Who regulates RF spectrum in the United States? The obvious answer is the FCC, for non-federal licensees, and the NTIA, for federal operations. If an NPRM from the FAA becomes law, VHF TV broadcasters, FM radio broadcasters, satellite operators and even two-way radio and C-band uplink operators may have to add the FAA to the list of regulators.
In the proposed modification to 14 CFR 77.9(e)(1), the FAA would require that notice be given for the construction of a new, or modification of an existing facility, i.e. building, antenna structure, or any other man-made structure, which supports a radiating element(s) for the purpose of radio frequency transmission operating in the following frequency groups:
(i) 54-108 MHz
(ii) 150-216 MHz
(iii) 406-420 MHz
(iv) 932-935/941 MHz
(v) 952-960 MHz
(vi) 1,390-1,400 MHz
(vii) 2,500-2,700 MHz
(viii) 3,700-4,200 MHz
(ix) 5,000-5,650 MHz
(x) 5,925-6,525 MHz
(xi) 7,450-8,550 MHz
(xii) 14.2-14.4 GHz
(xiii) 21.2-23.6 GHz
It should be noted that there is no requirement that structures involved be tall enough to interfere with air navigation; only that structures being built or modified support an antenna for use in one or more of the above frequencies ranges. This list even includes frequencies that can only be used by other federal government agencies!
Why haven't you heard about this?
The NPRM isn't mentioned anywhere on the FCC's Web site, which is the primary source broadcasters and other spectrum users rely on for information on spectrum management. I heard about it through a friend who is a New York City TV transmitter supervisor and also in a forwarded e-mail authored by the only commenter in the proceeding focusing on spectrum management.
That's right, there is only one comment in this proceeding on the Department of Transportation Document Management System that even mentions spectrum management. The other comments support changes offered in the NPRM to improve air navigation without mentioning spectrum.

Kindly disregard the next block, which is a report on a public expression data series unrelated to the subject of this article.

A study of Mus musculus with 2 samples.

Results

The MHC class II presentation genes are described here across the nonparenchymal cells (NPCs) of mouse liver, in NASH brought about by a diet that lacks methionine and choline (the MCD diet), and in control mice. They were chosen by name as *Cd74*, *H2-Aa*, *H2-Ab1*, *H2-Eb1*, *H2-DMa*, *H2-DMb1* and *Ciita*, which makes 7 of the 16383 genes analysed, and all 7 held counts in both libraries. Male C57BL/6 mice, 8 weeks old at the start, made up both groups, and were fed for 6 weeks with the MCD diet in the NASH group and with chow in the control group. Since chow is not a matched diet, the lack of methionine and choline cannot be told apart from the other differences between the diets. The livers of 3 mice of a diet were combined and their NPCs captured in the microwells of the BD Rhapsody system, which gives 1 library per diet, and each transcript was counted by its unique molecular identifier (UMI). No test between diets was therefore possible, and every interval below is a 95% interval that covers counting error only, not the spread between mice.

If you want to get one explanation of what is behind this small portion of the NPRM that has such a huge impact on many FCC licensees, read the comments from Marcus Spectrum Solutions. The comments outline a battle between the FAA and the FCC, which may surprise many readers.
If you are concerned about delays in modifying or constructing C-band uplinks, FM transmitter facilities or VHF TV facilities, you should read the Marcus comments. There is still time to file comments--they are due by Sept. 11 and should be submitted to http://dms.dot.gov/submit. The Marcus Spectrum Solutions comments offer suggestions for others wishing to comment: "I suggest that FCC licensees should say what a large burden this will be and how FAA/FCC coordination would be much more efficient for all involved and could focus on real problems, not huge blocks of spectrum."
Marcus Spectrum Solutions recommends that the FAA and FCC address what appears to be at the source of this problem--a mutual distrust between the two agencies when spectrum is concerned.
The comments include, "The good news is that the two worst antagonists on the FCC have retired in the past year and the worst antagonist on the FAA side retired a few years ago."
Credentials are not listed for Michael J. Marcus, who signed his company's comments, but it is mentioned that he worked for Dick Smith, chief of the FCC Field Operations Bureau and later chief of the Office of Engineering and Technology, as well as Roy Stewart, chief of the Mass Media Bureau.
It is not unusual to see comments filed in the last days before a deadline, so we may have to wait until closer to the Sept. 11 date to see what users of the spectrum the FAA proposes to manage have to say. I'm sure most, if not all, are willing to take some action to make sure their facilities do not interfere with air navigation. From the language in the NPRM, it isn't clear however how difficult it will be for them to show the FAA that their facilities will not create problems affecting air navigation.